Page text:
Josh Ginnelly has been taking tips from Kyogo Furuhashi – now he’s determined to turn them against Celtic.

The 25-year-old pitched up at Tynecastle three years ago as a winger, now he’s partnering Lawrence Shankland as a central striker. It’s a tough learning curve for any player, but Ginnelly’s double against St Johnstone on Saturday suggested that most coveted of traits – a finisher’s instinct – can be honed and nurtured.

Re-watching his second goal, it becomes obvious he has been loading up clips of Celtic’s poacher-in-chief. As soon as Hearts sprung in behind, Ginnelly darted exactly where Kyogo would have to finish Barrie McKay’s ball across the box.

He will now get to watch the Japan international up close twice in a matter of days when the teams meet in the Premiership on Wednesday, then again on Saturday in a highly-anticipated Scottish Cup quarter-final at Tynecastle.

“There were a couple of time this season where I probably didn’t deal with a situation too well – where I’ve sort of stayed on the penalty spot,” Ginnelly said. “But then I watch other strikers – and the best in the league is probably Kyogo – and he is always in that right position. Look at his goals in last week’s [Viaplay Cup] final – he is always in that area. He’s a great player so I study some of the stuff that he does. And it worked for me on Saturday.


 “I just try to be that nuisance, where teams don’t really know where I am until it’s too late. So, I just have to keep learning and keep watching other strikers and hopefully the goals keep coming.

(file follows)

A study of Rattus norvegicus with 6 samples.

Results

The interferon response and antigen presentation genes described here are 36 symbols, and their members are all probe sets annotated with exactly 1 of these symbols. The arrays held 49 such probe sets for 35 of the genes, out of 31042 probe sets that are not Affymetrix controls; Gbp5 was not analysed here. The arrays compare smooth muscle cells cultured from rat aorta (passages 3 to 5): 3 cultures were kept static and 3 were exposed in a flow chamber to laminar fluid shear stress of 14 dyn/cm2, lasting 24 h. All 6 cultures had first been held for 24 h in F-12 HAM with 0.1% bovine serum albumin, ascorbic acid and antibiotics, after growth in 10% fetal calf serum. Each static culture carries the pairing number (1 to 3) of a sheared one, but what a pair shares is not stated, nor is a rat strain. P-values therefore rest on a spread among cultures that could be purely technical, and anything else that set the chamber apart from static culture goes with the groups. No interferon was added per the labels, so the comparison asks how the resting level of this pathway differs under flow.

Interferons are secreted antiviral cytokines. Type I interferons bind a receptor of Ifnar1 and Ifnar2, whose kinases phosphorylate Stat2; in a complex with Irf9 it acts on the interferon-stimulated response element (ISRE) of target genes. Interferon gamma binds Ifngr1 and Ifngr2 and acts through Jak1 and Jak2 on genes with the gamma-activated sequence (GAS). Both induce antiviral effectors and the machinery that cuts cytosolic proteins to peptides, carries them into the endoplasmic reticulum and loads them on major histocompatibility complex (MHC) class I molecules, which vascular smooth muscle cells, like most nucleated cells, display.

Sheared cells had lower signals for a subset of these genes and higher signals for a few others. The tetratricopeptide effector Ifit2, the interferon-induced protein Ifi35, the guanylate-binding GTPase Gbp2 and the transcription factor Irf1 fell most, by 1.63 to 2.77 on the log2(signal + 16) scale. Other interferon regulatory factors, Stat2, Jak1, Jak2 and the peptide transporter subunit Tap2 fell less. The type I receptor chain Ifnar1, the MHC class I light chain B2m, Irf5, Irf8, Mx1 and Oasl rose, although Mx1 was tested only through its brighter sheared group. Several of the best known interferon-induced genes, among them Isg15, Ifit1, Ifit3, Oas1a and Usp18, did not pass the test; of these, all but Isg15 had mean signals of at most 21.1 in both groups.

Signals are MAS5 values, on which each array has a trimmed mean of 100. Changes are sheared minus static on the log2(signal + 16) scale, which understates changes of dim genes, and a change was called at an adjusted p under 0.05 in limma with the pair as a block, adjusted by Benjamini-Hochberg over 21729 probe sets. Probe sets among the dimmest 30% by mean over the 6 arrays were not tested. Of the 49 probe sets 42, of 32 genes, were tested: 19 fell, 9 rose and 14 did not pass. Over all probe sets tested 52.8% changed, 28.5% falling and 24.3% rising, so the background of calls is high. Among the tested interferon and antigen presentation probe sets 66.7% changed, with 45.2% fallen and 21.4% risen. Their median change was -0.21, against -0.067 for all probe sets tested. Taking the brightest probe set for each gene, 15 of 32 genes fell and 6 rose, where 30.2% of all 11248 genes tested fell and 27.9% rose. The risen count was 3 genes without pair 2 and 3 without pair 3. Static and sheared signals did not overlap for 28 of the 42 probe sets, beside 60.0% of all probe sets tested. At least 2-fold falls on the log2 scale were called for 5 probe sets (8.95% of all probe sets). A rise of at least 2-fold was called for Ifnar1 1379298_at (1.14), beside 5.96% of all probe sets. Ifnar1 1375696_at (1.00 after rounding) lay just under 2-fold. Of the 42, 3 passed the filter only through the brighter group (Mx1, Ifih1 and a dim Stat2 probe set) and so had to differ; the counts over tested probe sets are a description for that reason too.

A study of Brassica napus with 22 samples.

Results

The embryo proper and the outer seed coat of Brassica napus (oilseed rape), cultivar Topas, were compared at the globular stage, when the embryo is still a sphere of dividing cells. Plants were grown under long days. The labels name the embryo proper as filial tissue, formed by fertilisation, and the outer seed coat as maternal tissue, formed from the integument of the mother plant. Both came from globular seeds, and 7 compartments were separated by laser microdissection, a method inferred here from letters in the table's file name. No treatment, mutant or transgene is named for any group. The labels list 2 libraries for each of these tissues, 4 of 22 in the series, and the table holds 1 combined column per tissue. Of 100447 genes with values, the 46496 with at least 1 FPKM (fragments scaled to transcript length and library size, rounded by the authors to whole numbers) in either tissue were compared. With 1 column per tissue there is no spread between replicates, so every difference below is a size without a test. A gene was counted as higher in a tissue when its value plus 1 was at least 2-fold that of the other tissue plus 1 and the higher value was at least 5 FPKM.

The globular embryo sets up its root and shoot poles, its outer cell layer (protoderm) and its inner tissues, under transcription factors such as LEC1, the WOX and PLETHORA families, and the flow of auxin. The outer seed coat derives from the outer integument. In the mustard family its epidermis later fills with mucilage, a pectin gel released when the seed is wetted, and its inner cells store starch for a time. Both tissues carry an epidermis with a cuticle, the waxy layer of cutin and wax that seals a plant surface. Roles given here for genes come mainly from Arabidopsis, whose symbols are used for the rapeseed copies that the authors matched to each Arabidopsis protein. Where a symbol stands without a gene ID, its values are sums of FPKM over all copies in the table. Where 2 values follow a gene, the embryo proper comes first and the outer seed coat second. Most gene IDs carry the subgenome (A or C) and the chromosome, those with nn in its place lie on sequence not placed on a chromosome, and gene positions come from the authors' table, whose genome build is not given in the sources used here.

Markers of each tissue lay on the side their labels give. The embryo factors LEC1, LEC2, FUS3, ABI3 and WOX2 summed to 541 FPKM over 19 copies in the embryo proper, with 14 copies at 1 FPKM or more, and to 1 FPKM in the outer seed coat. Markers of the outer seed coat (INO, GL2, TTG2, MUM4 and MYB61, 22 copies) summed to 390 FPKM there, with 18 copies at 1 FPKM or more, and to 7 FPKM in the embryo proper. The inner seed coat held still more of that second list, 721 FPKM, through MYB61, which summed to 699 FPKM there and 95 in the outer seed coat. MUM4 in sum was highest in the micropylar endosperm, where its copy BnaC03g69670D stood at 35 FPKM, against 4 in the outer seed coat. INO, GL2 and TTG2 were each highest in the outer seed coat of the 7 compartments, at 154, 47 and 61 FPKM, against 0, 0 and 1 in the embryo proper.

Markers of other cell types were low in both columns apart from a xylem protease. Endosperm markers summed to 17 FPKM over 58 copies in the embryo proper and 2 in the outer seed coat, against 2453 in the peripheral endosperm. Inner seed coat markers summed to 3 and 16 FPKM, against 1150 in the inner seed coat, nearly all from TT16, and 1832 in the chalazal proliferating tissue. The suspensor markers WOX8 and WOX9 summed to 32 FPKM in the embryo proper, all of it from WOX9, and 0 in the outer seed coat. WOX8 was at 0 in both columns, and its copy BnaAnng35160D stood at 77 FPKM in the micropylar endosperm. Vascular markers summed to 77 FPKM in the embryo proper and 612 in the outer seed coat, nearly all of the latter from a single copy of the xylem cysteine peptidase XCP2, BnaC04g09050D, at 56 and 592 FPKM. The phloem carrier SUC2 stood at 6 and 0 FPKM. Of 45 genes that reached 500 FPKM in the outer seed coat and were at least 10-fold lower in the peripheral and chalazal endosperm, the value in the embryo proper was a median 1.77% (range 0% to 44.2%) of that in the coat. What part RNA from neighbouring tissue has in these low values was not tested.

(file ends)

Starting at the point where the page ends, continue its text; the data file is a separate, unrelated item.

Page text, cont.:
“As a player, it’s what you do [studying other strikers]. I think Shanks will also watch other players in the league, and what they do. It’s not by mistake that these other strikers get into these good positions – it’s something they actually look for.

“Obviously, when you have you have to change your position, you still watch the players at the top. Everyone will do it. Centre-halves will watch certain players.

“Jig and Gordy [coaches Lee McCulloch and Gordon Forrest] do a lot with us – show us clips of other players. Last week we had a meeting about the strikers’ movements, and other little things. So you have to take it all on board and try to put it into your game as quickly as you can.”

Playing alongside Shankland clearly helps, too. Ginnelly’s threat in behind implores opposing defences to drop off, allowing the Hearts captain to float deep into pockets of space, and it’s a dynamic both players are enjoying – as much off the pitch as on it.

“It’s good, but we probably formed our relationship first off the pitch,” Ginnelly explained. “To be honest we absolutely batter each other every day. We are constantly getting on to each other about what we’ve done wrong - if I’ve missed an open goal he will remind me. He’s a brilliant player and we are lucky to have him. Long may it continue.”


“You have to give [Postecoglou] credit,” Ginnelly insisted. “He’s come to a different country, a different league. I don’t watch them too much, but it’s hard not to hear about the other two when you live in Scotland. He’s done a brilliant job.

“You can see he’s winning cups and some of the players he’s signed are unbelievable, to be honest. But my focus is on us.

“We’ve got to go there on Wednesday and they come here on Saturday. I don’t think they’ll be expecting an easy game, because it definitely won’t be that.”

“I certainly believe the boys in that changing room have more than enough to beat them. We have before.

“Even when we were in the Championship, some would say we should’ve won that game [the 2020 Scottish Cup final] as well. I was guilty of missing two or three chances in that game.

“Ever since I’ve played Celtic there’s obviously been some disappointing games. They’ll probably have a lot of the ball but I think we can go toe-to-toe with them, definitely. We just have to be on our game.”